Blue Winged Goose

Although the Blue Winged Goose is typically found by running or standing water, this portly goose rarely swims, but it is a capable walker and runner. It often occurs on the banks of rivers and lakes, where it grazes on grasses, sedges and other vegetation, although it is also known to occasionally feed on insects, worms, freshwater mollusks and small reptiles.

This goose is often found in large flocks of 50 to 100 individuals, until the arrival of the breeding season, when it occurs in small groups or single pairs. The breeding season occurs in the drier months between March and June, when the blue winged goose constructs a nest on the ground, hidden amongst vegetation. After breeding, the blue-winged goose moves to lower altitudes for the wetter, non-breeding season.

Blue Winged Goose in Flight

Blue Winged Goose in Flight

Blue Winged Goose Standing

Blue Winged Goose

Appearance: – This goose is a stocky grey-brown mottled bird, paler on the head and neck, a black beak, dark brown eyes, a pale blue fore-wing which is distinctive when in flight, primary wing feathers are black and secondaries are glossy green, a black tail, the under-tail and vent is white, and the legs and feet are black. Both sexes are alike but the male is usually slightly larger.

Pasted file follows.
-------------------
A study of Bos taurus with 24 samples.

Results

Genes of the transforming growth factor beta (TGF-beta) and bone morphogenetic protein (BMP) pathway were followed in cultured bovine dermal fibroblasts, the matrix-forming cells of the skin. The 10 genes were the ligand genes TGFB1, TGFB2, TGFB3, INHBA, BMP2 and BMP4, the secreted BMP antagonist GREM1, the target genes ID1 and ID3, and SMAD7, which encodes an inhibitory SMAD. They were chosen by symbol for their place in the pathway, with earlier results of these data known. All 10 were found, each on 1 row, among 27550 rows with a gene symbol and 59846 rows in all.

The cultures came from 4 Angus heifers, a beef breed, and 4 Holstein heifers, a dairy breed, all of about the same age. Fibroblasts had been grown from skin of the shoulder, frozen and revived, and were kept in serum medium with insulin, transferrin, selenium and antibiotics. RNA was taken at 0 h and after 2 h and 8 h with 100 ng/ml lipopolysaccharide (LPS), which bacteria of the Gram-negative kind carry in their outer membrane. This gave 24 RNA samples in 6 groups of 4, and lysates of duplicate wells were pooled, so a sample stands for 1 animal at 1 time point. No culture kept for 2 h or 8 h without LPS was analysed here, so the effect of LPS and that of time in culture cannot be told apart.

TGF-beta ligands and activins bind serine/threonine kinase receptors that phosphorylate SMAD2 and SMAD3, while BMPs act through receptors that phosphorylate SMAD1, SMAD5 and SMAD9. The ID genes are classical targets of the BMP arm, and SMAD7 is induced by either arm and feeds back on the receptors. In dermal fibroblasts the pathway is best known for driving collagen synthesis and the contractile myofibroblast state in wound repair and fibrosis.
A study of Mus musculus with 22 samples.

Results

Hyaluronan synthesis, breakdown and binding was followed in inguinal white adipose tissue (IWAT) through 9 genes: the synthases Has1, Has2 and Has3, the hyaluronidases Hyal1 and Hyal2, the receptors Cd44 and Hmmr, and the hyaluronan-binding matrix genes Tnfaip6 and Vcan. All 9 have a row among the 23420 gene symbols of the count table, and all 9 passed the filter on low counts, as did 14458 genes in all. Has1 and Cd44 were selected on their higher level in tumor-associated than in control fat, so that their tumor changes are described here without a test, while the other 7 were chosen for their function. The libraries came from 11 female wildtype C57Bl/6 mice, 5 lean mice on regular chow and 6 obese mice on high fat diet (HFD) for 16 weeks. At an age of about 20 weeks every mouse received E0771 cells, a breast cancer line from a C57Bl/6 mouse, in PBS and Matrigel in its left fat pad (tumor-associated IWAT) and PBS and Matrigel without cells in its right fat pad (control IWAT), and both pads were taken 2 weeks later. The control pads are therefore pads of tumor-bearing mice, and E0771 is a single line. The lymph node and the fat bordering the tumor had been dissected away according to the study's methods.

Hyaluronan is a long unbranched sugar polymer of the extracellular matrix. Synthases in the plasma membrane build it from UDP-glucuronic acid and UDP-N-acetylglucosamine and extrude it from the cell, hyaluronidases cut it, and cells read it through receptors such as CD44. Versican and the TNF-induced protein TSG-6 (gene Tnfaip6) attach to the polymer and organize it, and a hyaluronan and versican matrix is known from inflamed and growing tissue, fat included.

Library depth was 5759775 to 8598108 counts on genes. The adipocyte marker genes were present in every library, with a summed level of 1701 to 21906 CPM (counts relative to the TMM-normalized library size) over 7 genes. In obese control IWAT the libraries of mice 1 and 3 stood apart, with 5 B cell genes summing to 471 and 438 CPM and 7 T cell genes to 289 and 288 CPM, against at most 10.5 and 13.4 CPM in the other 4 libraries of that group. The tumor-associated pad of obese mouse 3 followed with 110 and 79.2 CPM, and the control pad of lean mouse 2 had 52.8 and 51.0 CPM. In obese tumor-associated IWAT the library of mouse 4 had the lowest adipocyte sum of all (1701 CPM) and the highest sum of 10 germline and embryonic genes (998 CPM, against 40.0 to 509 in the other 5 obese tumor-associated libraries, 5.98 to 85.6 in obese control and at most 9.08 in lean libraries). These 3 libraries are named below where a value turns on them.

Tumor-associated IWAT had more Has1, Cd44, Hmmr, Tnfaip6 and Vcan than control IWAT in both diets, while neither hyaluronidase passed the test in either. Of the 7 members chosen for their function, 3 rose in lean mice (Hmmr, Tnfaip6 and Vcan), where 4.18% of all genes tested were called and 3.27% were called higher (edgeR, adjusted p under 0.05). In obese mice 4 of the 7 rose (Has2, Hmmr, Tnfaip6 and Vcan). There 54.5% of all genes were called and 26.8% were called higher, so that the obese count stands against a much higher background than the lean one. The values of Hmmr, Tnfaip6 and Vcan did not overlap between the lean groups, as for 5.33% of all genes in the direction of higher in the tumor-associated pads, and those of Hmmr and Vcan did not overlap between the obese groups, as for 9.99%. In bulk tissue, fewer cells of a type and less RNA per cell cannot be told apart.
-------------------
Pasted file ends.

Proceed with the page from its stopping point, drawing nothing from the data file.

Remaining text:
Size: – Typical Adult is 24-30 inches.

Food: – Grazes on grasses, sedges, and vegetation. Sometimes insects, worms, small reptiles, and molluscs.

Habitat: – Near freshwater lakes, rivers, swamps, marshes, and on grassland. This goose is endemic to the highlands of Ethiopia.

Breeding Season: – March to June.

Eggs: – 6 to 7 (creamy color).

Notes: – This goose is only found in the highlands of Ethiopia. It can swim and fly well but rarely does either, it much prefers to graze near to the water. It is a relatively quiet goose and largely nocturnal – it builds its nest and grazes at night. Numbers have declined due to habitat loss as the human population increases and it is now listed as ‘Vulnerable’.